Samsung connected home fridge becomes weapon in MITM attacks

It is no longer only PCs and mobile devices which may harbor an attack designed to steal your data -- could your fridge be next? [Updated]
Written by Charlie Osborne, Contributing Writer
IoT village

[Update 13.54 GMT with Samsung statement]

Researchers have uncovered security flaws in Samsung's IoT smart fridge which can be exploited to run man-in-the-middle (MITM) attacks.

At the cybersecurity conference Def Con 23 in Las Vegas, the IoT village conducted a day of hacking activities which included penetration testing the Samsung RF28HMELBSR smart fridge. Researchers scrutinized the $3,599 Internet-connected fridge --which features an 8" Wi-Fi enabled LCD for web browsing and app access -- and discovered security holes which could place users at risk.

Hackers taking on the challenge of the fridge found that while the connected home device implements SSL, the fridge fails to validate SSL certificates -- which in turn gives attackers the opportunity to conduct man-in-the-middle (MITM) attacks.

MITM attacks are possible when a security weakness allows an attacker to spy upon a supposedly secure communications channel which may contain valuable data such as credentials and financial information, leading to data theft.

During testing, the researchers found MITM attacks could be launched against "most" connections thanks to the exploited flaw. The connections include those made to Google servers when accessing Gmail calendar information on the smart fridge's display.

Therefore, if an attacker is next door or on the road outside, they would theoretically be close enough to steal credentials belonging to the owner, which are often the keys to the kingdom of Google service users.

However, there is at least one exception to the rule. When the fridge terminal connected to the update server, the URL could be isolated and certificates produced containing based on this data -- but while the certificates contained exactly the same data as those on the legitimate website, validation proved strong.

"The terminal must have a copy of the CA and is making sure that the server's cert is signed against that one," the researchers said.

"We can't hack this without access to the file system where we could replace the CA it is validating against. Long story short we couldn't intercept communications between the fridge terminal and the update server."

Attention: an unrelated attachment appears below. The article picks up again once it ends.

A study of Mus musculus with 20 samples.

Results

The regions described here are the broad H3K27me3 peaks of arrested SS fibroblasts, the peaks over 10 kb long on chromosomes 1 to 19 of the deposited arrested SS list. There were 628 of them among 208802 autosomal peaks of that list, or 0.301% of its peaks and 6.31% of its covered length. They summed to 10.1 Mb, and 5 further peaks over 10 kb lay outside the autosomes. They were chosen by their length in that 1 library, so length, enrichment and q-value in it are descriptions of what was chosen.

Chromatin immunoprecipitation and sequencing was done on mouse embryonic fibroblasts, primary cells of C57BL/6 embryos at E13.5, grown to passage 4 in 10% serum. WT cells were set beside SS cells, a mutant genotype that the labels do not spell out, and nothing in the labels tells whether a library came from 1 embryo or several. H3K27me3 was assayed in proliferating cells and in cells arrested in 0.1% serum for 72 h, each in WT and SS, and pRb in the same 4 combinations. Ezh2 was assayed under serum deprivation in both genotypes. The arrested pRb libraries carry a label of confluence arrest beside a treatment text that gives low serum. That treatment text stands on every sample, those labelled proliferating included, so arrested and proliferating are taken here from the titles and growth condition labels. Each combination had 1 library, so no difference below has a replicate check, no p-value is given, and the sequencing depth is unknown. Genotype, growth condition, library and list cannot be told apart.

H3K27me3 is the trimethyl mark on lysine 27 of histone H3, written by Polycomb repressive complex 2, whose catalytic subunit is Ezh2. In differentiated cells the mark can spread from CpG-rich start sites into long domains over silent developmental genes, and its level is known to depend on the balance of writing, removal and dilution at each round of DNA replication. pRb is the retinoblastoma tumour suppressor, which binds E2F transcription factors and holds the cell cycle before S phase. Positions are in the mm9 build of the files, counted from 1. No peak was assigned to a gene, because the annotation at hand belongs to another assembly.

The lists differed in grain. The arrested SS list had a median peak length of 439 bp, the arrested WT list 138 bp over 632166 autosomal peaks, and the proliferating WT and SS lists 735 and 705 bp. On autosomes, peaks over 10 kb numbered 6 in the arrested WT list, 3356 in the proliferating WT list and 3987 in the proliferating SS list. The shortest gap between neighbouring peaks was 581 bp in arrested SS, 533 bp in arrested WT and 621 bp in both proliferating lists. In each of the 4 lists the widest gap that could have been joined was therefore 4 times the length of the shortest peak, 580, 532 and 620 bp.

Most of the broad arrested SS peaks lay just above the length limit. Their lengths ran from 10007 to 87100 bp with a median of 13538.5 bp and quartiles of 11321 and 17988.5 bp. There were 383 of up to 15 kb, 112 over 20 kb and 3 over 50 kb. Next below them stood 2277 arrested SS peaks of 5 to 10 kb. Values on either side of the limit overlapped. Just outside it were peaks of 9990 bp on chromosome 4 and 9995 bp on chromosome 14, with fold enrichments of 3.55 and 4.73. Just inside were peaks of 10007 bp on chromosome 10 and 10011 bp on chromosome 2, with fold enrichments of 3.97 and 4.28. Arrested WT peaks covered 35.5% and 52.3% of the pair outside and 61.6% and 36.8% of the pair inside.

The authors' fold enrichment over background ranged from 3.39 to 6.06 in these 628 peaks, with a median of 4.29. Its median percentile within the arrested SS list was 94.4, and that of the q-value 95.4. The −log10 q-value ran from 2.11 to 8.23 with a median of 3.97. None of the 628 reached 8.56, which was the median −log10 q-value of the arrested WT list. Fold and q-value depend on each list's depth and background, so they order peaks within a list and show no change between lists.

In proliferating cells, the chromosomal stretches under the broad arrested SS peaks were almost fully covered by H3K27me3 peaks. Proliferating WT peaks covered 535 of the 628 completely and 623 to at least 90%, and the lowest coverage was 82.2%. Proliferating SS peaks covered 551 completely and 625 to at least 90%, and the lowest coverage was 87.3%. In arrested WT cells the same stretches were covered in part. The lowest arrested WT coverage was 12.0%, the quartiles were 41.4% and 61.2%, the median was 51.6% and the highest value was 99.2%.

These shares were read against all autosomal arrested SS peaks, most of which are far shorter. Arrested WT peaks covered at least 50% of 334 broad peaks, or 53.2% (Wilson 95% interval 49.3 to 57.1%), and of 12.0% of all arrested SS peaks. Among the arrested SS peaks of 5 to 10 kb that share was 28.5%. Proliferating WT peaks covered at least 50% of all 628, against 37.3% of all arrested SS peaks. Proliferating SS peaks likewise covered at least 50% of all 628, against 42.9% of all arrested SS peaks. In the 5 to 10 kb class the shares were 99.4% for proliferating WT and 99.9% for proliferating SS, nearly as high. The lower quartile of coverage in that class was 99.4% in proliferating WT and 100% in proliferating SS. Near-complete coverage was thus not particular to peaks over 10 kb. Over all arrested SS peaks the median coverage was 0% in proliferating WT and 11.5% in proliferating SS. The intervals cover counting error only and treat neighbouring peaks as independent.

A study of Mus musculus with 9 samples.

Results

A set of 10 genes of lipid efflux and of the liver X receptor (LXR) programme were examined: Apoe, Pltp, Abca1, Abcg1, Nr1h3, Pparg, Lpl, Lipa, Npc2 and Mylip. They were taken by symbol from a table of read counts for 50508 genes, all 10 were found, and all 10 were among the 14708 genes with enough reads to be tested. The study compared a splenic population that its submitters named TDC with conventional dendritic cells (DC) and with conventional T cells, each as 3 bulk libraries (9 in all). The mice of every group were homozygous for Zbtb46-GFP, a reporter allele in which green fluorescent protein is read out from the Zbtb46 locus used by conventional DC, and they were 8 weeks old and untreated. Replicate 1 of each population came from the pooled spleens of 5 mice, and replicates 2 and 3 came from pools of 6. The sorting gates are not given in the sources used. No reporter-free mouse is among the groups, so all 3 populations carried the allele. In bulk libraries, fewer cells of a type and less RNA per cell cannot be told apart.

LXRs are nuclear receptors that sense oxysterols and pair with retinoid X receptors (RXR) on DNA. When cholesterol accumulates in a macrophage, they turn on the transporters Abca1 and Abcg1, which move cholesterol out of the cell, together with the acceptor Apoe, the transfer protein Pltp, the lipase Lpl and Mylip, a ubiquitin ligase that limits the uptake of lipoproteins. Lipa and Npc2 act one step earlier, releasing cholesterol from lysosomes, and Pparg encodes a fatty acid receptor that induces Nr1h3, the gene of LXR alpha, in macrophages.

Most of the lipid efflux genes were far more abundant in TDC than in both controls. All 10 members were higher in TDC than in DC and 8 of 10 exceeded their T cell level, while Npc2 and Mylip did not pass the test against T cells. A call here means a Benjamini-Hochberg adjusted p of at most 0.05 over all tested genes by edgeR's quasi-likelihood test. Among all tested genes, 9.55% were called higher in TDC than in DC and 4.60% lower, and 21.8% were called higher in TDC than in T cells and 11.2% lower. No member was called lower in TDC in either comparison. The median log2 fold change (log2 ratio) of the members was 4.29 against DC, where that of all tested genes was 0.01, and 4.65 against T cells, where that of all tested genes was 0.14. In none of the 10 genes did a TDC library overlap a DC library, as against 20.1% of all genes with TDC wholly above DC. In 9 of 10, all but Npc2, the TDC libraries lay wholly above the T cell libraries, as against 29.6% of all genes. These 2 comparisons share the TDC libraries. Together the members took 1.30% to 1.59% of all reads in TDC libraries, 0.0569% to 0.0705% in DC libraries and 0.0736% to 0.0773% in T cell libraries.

The team also contemplated faking a firmware update to compromise a unit. If a fraudulent firmware update is issued, this can be used to plug malicious code into a device -- potentially resulting in an MITM foothold and surveillance. While not impossible in the case of Samsung's smart fridge, an attacker would need to guess a number of parameters, including model code names and serial numbers, to issue such an attack.

The IoT village researchers also planned to explore physical access attacks on the model, but unfortunately ran out of time. The findings, however, remain interesting as they do highlight how many new ports and avenues we are adding to our lives which may compromise our personal security and privacy.

A connected home, full of network-controllable devices including lights, fridges and home security systems can make our lives more convenient and efficient, but it is the responsibility of both vendor and user to keep these devices safe from attack.

A Samsung spokesman told ZDNet:

"At Samsung, we understand that our success depends on consumers' trust in us, our products, and the services we provide. As soon as this potential vulnerability was identified, we promptly took action to investigate and resolved the issue by deploying a software update on August 25, 2015.
The refrigerator connected to the network will commence the software update automatically. If disconnected, the update will commence once network connection is restored. Protecting our consumers' privacy is our top priority, and we work hard every day to safeguard our valued Samsung users."